CS410AP/510AP Advanced Programming

Spring 2006

Credit Hours: 4 for undergraduates (CS410), 3 for graduates (CS510)

Weekly Schedule Lecture Notes Squeak Resources Samla site

Instructors

Professors Tim Sheard & Andrew Black

Course Description

This course exposes students to the depth and breadth of modern programming practice, with the goal of making students better programmers. This course is not a “package tour” of programming languages, but an in-depth programming course that teaches students how to use functional and object-oriented programming techniques effectively.

Many of the same concepts and principles apply to both the object-oriented and the functional paradigms, and are indeed fundamental to the activity of programming. These include parametrization, the use of Closures, Polymorphism, Overloading (viewed as implicit parameterization), Types, Recursion in Data Structures, Inheritance, and Compositionality. Underlying all of these concepts is the recognition that the programmer's chief task is to master complexity, and to use their chosen programming language to communicate to the programmers who come after them how they have done so.

Prerequisites by Topic

Students should have some experience programming in both the functional style, in a language like LISP, ML, or Haskell, and in the Object-oriented style, in a language like C++, Java or Smalltalk.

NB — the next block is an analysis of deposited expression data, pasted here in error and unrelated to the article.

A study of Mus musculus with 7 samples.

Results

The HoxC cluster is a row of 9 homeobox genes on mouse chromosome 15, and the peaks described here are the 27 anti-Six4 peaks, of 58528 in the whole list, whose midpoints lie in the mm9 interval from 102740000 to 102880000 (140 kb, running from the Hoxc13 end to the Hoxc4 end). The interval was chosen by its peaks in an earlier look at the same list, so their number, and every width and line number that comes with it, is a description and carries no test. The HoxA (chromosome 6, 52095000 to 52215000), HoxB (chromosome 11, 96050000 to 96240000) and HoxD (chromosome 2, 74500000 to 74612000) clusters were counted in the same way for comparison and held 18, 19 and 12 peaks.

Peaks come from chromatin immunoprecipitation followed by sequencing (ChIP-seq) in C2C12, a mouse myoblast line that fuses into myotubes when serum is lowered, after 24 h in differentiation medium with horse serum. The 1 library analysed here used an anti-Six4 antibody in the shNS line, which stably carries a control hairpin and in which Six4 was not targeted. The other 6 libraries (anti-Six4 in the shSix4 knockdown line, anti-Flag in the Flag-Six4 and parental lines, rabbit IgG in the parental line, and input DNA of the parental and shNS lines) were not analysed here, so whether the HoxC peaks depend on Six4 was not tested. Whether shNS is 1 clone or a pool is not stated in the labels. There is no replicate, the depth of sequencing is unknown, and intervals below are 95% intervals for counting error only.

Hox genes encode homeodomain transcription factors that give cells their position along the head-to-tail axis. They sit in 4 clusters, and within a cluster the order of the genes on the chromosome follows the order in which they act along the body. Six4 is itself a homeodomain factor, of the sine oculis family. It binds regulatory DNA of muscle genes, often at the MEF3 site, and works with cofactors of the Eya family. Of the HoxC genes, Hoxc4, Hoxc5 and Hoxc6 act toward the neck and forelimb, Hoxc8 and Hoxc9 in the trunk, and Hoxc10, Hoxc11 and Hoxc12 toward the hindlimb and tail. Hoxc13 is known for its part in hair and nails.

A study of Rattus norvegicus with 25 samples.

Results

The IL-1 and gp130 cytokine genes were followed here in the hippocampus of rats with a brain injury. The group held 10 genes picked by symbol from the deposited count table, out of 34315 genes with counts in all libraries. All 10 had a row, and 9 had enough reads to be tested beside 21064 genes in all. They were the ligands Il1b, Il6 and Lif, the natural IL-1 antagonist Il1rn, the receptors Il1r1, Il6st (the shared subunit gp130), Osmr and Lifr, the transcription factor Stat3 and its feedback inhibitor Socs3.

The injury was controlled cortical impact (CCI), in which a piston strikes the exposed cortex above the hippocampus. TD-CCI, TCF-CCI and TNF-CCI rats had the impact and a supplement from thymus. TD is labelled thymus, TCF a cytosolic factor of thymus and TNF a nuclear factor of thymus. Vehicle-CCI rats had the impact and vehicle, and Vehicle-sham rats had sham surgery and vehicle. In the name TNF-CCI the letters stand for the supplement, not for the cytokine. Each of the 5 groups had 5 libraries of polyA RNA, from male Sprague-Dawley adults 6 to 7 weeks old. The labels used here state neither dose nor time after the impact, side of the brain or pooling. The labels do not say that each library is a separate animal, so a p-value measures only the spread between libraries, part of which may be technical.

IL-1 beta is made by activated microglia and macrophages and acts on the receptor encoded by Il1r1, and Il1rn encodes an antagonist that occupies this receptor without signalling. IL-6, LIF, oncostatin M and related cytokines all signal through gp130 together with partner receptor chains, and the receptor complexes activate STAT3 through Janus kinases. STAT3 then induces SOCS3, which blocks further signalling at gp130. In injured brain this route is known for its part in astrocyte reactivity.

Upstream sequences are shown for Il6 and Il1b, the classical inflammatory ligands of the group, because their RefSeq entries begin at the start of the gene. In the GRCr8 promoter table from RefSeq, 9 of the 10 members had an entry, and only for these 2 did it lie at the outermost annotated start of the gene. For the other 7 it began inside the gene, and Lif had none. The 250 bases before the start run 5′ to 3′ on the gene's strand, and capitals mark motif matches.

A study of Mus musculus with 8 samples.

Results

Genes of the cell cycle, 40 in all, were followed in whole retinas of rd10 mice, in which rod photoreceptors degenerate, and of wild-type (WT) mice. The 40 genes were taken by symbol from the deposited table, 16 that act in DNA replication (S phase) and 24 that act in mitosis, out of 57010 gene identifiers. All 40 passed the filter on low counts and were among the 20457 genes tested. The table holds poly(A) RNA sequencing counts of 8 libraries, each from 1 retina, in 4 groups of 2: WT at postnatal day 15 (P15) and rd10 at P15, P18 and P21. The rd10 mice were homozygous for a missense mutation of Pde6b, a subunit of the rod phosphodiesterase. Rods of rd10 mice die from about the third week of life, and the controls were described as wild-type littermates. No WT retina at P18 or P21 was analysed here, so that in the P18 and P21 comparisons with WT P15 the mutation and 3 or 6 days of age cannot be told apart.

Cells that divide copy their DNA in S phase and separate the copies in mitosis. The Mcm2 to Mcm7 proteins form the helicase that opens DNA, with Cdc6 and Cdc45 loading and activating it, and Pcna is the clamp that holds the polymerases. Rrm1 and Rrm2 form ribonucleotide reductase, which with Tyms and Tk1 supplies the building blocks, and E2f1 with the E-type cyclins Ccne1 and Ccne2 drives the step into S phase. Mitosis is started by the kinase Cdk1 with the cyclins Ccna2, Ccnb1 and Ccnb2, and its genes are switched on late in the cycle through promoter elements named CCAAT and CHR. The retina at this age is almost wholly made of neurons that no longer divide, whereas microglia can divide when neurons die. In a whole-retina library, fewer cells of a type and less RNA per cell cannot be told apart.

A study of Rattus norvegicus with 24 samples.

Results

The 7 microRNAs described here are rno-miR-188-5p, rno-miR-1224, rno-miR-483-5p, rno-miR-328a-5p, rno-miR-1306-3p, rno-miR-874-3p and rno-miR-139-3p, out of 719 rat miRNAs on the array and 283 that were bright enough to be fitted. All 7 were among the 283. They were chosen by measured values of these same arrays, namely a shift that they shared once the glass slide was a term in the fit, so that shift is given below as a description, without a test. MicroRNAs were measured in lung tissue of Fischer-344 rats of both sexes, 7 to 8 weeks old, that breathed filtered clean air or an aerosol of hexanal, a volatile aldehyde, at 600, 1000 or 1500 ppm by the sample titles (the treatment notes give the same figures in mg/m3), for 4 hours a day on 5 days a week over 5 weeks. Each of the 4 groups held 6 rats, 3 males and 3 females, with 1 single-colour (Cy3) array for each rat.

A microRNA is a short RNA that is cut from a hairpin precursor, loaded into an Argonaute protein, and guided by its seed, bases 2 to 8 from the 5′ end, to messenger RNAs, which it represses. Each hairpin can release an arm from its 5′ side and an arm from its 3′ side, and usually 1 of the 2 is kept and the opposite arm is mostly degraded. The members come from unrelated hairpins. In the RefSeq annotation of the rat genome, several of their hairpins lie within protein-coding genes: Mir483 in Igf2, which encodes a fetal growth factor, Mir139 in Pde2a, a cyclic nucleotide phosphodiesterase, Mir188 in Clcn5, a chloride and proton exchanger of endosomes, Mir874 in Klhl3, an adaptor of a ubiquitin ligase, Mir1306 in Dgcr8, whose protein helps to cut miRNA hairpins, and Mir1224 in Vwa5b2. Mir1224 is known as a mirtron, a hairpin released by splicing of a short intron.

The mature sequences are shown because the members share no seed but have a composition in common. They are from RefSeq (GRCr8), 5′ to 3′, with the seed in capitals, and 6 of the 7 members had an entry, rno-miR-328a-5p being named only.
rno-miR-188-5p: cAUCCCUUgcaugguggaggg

Course Goals

After completion of the couse, students will be able to:

  1. Select approriate names for their functions and methods.
  2. Decompose methods and functions into components at the same level of abstraction.
  3. Analyse a problem and determine what problem elementgs to represent as functions or objects
  4. Deal with complex data objects as whole entities, rather than by twiddling with their elements
  5. Effectively use parameterization and inheritance to promot reuse
  6. Use closures to encapsulate computations
  7. Build recursive data structures and recursive operations over those data strauctures
  8. Use tools such as type systems, unit tests and random testing to guarantee the integrity of their programs
  9. Compose more complex programs from simpler parts
  10. Write the simplest possible program that solves a given problem while explaining to the reader how it solves that problem

Textbook

None

Course References

To be announced. Possibly the following

  1. Smalltalk by Example.
  2. The Haskell School of Expression: Learning Functional Programming through Multimedia

Assignments

A programming assignment will be given each week. Students will be expected to complete the assignments and discuss and defend their code in class.

Assignments are described on the Samla site for this course, which is also where they should be submitted.